The Conservancy welcomes nine talented, early-career scientists to the fifth cohort of NatureNet Science Fellows. Each Fellow’s project is focused on a specific aspect related to mitigating or adapting to climate change. In projects that span the globe, these fellows are tackling solutions-based topics from paintable solar cells to climate smart agriculture to developing inexpensive and simple tools for measuring biodiversity.
Holly Buck (University of California—Los Angeles)
Buck will conduct a feasibility study of the adoption and implementation of solar geoengineering strategies by policy-makers, institutions, and general society. These strategies will help counter rising global temperatures by reducing the amount of sunlight that reaches Earth and its atmosphere. Through interviews of stakeholders her goal is to determine how policies on solar geoengineering should be designed so that environmental and community impacts are incorporated.
Zuzana Burivalova (Queensland University)
Burivalova will use bioacoustics, the sounds animals make when communicating with each other, to develop an inexpensive and simple tool to measure biodiversity in tropical forests. Expanding on her current work which suggests that soundscapes are less saturated with sound as human disturbance increases, Burivalova intends for her work to be used in sustainable forest management and support practices that keep forests as forests.
Clare Kazanski (University of Minnesota)
Conservation-grazing is gaining popularity as a practice of producing more forage for cattle while theoretically maintaining habitat with more biodiversity and carbon storage. Kazanski plans to assess the effects conservation-grazing strategies on carbon storage and investigate if site conditions, land-use history, and local plant adaptations have an effect on the impact of different grazing strategies in order to prioritize management.
Ashley Keiser (University of Minnesota)
Keiser’s work will attempt to quantify the amount of soil carbon needed to minimize nitrogen loss while simultaneously maintaining productivity in agricultural systems. She intends to use these results to develop soil health metrics for nitrogen management practices in an effort to increase water quality and mitigate climate change.
Anand Osuri (Columbia University)
Using a combination of satellite image analyses, modelling, and field-work, Osuri seeks to inform best-practices for tropical forest restoration, an important strategy worldwide for mitigating climate change. His work will compare two common reforestation practices, planting species-rich forests versus monoculture plantations, to determine if species-rich forests are less sensitive to disturbances such as droughts, thereby providing more reliable carbon sequestration benefits.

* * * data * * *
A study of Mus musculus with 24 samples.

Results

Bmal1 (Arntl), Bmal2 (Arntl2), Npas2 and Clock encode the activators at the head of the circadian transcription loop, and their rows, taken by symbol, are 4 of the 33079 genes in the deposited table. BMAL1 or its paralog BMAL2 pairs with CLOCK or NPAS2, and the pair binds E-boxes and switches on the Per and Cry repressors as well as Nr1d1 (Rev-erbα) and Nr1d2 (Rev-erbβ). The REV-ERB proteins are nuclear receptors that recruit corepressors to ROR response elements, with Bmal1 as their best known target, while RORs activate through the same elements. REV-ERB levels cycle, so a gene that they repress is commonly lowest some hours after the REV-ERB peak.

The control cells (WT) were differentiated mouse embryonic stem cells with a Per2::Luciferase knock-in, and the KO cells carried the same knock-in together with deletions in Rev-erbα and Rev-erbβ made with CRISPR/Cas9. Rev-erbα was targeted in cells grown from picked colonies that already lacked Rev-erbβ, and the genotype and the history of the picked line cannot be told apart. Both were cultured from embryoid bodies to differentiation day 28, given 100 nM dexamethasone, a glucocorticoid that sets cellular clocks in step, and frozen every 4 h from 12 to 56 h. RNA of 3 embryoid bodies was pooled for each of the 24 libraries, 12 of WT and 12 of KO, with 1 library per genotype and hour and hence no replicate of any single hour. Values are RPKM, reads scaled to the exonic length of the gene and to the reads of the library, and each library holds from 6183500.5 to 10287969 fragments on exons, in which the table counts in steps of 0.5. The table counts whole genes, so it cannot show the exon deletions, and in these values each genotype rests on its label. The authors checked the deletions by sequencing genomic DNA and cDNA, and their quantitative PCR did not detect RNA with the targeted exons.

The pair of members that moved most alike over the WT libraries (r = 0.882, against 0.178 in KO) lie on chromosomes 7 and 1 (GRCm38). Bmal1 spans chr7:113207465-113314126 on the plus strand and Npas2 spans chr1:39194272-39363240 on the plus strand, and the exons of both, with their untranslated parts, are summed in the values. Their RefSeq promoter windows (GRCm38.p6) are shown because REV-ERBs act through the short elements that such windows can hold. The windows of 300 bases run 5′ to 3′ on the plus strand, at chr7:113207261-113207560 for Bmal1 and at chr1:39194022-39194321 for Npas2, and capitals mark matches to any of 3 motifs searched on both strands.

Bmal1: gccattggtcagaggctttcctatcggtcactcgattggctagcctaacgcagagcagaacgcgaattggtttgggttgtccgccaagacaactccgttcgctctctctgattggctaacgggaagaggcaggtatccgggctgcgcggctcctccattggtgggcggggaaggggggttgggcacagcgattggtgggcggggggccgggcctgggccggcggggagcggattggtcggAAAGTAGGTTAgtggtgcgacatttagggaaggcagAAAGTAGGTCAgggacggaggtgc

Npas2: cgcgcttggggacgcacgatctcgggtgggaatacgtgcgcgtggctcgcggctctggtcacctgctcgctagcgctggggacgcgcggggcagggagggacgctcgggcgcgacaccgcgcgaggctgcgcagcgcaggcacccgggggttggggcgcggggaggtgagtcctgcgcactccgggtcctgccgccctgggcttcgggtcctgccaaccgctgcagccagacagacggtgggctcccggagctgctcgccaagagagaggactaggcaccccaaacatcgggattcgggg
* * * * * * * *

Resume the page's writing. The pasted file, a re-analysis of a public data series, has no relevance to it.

Johanne Pelletier (Cornell University)
Pelletier’s research investigates if Zambia’s wood energy supply can be sustainably managed in a manner that will continue to fulfill the country’s growing energy demand while promoting low-carbon development. Pelletier’s ultimate goal is to be able to predict the impacts of socio-economic development, forest cover change, and greenhouse gas emissions on wood energy and test policy scenarios that may help in developing sustainable wood energy practices.
Robert Rossi (Stanford University)
Rossi’s research will focus on one of the largest outstanding questions in soil carbon dynamics, the constraints imposed by limited oxygen on organic matter decomposition and its impacts on carbon turnover and greenhouse gas emissions in soils. This work will provide a framework for developing management recommendations to maximize soil carbon storage while minimizing greenhouse gas emissions
Jonathan Walter (University of Virginia)
Walter’s work will look at North American bird species and determine how they are currently synchronized to fruiting vegetation and insect abundance and evaluate if birds are becoming asynchronous (showing up too early or late) due to climate change. Ultimately his work will be used to determine what areas should be a conservation priority based on their importance to birds across the landscape.
Chenjie Zeng (University of Pennsylvania)
Taking advantage of current advancements in nanotechnology, Zeng’s research aims to develop low-cost and efficient solar “paint or ink” as an alternative to traditional solar cells. Her promising work opens doors to solar cells that can be painted on large surface areas such as buildings, cars, and roads, taking advantage of existing infrastructure and development.
The Conservancy’s NatureNet Science Fellows Program is made possible by the leadership and generosity of visionary donors, including Roy Vagelos and Steve Denning, who believe that conservation needs to base its work not just in ecology and biology, but in an interdisciplinary approach to science and evidence.
The NatureNet Science Fellows program is an investment in the Conservancy’s future relevance and effectiveness. The projects undertaken by the Fellows are where the organization is making some of its most important breakthroughs in climate change science with direct application across all of the Conservancy’s global priorities: lands, water, oceans and cities.
The materials science and engineering work of the Fellows is at the cutting edge of the foundational science the world needs for alternative energy, climate change adaptation, and clean water technologies.
Fellows working in sustainable agriculture, and soil and forest management for carbon sequestration are having and will continue to have profound effects far beyond The Nature Conservancy, from influencing national agriculture policy in the United States in favor of preserving habitats around farm fields to measuring the capacity of different soils to hold carbon.